Google is going to make sure users of its Apps productivity and collaboration software can tap all of the company's services, according to Dave Girouard, president of the company's enterprise group, in a colorful tweet on Twitter.
"We're working to give you access to every damn Google service with a Google Apps account -- yep every damn one of them. Um, maybe not Lively," he wrote in a Twitter post on Tuesday, referring at the end to Lively, the 3-D virtual world service Google shuttered recently.
In an e-mailed statement, Girouard said he has been "exploring Twitter as a different way to engage with our users and partners," but did not directly address the Tuesday post.
Asked if Girouard's tweet should be taken seriously, a Google spokesman said via e-mail that he "would not call it a joke."
Google has a range of services that could be natural extensions for current customers of its enterprise Apps service, particularly social-networking tools such as Blogger and Orkut. In addition, Google's FeedBurner application could be adopted for enterprise RSS (real simple syndication), and its Groups forum-building platform would also seem to make sense.
But Girouard's decision to tweet about Google's plans is probably not the right method of reaching the average corporate IT buyer, according to one observer.
"I don't know of many other software executives that are providing information about future product direction on Twitter," said Rebecca Wettemann, vice president of research, Nucleus Research. "If it's a message to the enterprise decision-maker, he's missed his mark."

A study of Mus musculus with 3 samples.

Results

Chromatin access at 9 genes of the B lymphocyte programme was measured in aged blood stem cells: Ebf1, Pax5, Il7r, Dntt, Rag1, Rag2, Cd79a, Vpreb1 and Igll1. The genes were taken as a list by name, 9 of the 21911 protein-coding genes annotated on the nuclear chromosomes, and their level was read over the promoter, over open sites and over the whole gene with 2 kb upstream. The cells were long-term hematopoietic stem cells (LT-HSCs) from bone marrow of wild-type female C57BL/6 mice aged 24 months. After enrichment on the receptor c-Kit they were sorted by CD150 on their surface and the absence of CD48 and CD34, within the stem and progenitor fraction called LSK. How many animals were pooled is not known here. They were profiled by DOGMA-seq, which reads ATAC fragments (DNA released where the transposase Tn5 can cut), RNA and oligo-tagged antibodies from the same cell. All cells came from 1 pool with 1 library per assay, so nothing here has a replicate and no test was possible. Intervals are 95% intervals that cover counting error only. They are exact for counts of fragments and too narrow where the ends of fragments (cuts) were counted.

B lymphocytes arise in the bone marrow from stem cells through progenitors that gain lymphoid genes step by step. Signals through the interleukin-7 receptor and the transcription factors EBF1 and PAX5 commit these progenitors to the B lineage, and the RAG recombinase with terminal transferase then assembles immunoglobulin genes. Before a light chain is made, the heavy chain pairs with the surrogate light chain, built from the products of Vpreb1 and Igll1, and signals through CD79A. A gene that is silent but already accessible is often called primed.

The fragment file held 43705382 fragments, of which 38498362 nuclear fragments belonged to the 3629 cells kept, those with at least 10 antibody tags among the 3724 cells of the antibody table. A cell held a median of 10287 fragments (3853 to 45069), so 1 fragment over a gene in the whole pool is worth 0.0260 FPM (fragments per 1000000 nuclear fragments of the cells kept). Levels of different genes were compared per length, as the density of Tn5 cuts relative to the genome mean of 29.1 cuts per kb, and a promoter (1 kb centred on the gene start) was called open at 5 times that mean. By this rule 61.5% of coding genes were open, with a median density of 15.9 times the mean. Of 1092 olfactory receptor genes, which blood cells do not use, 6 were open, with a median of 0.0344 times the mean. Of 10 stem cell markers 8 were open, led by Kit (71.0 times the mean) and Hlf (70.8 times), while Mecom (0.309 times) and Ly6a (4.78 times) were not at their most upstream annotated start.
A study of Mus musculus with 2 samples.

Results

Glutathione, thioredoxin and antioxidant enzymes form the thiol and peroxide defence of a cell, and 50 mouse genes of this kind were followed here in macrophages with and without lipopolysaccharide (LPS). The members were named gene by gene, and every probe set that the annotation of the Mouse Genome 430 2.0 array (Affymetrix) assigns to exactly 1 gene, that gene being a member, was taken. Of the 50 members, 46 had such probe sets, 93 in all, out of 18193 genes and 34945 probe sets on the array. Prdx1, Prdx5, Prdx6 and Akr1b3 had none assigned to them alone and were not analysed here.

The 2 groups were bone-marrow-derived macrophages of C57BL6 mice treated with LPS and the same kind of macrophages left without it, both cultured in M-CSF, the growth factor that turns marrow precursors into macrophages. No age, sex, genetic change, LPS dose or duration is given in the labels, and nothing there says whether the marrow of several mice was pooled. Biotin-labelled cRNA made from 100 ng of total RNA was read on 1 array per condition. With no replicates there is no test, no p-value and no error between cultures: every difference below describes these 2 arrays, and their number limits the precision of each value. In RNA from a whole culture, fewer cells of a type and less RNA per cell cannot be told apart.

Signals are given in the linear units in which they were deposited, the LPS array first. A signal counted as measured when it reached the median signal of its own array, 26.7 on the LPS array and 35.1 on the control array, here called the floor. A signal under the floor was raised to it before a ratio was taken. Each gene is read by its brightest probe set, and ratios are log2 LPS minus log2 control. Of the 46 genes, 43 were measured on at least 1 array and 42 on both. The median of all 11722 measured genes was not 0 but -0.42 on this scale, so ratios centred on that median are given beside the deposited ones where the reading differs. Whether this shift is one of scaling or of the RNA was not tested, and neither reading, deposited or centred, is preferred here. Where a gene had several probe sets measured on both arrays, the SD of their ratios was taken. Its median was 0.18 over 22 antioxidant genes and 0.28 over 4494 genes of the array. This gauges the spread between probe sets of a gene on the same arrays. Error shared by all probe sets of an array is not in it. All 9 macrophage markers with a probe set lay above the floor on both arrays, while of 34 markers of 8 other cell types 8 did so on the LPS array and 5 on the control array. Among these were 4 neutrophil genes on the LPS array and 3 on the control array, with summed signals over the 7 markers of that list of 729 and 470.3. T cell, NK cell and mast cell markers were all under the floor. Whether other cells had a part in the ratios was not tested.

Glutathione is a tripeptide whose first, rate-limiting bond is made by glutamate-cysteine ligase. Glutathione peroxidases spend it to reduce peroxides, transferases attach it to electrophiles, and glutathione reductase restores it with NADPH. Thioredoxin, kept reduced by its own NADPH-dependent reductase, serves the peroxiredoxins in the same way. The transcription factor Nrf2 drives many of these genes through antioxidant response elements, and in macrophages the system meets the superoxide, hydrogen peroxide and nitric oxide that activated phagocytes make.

Such individuals are looking for a "broad, thoughtful and articulate strategy about how great technology gets better and is delivered in a manageable way to the enterprise," she added. That includes tools and guidance for system administrators, as well as training "for those users who may not have grown up in the Google environment."
While there are lots of potentially interesting integrations between Google's products, if they are not rolled out as part of a formal business framework then they could just be a distraction, she added.
Beyond social-networking tools, Girouard could also be referring to services such as Google Checkout, which could be "great for a small business looking to do a little e-commerce," said Burton Group analyst Guy Creese via e-mail. Other services with relevance for business are Website Optimizer, Translate and Notebook, he added.
But Creese echoed Wettemann in saying that Google can't simply add more bells and whistles to Apps if it wants to court large companies.
"While this strategy creates a certain 'shock and awe' factor in the developer and geek world, this still leaves certain large enterprise requirements unanswered, such as role-based administration and records management capabilities," he said. "I think this strategy strengthens Google Apps within its core constituency -- the SMB market. SMBs will love the increasingly Swiss Army knife capabilities of Google Apps.
"However, this strategy doesn't get Google closer to sweeping the enterprise market, which is looking for certain base capabilities. And with [Microsoft] Office 14 now in alpha testing, I think Google's disruption window is starting to close," Creese added.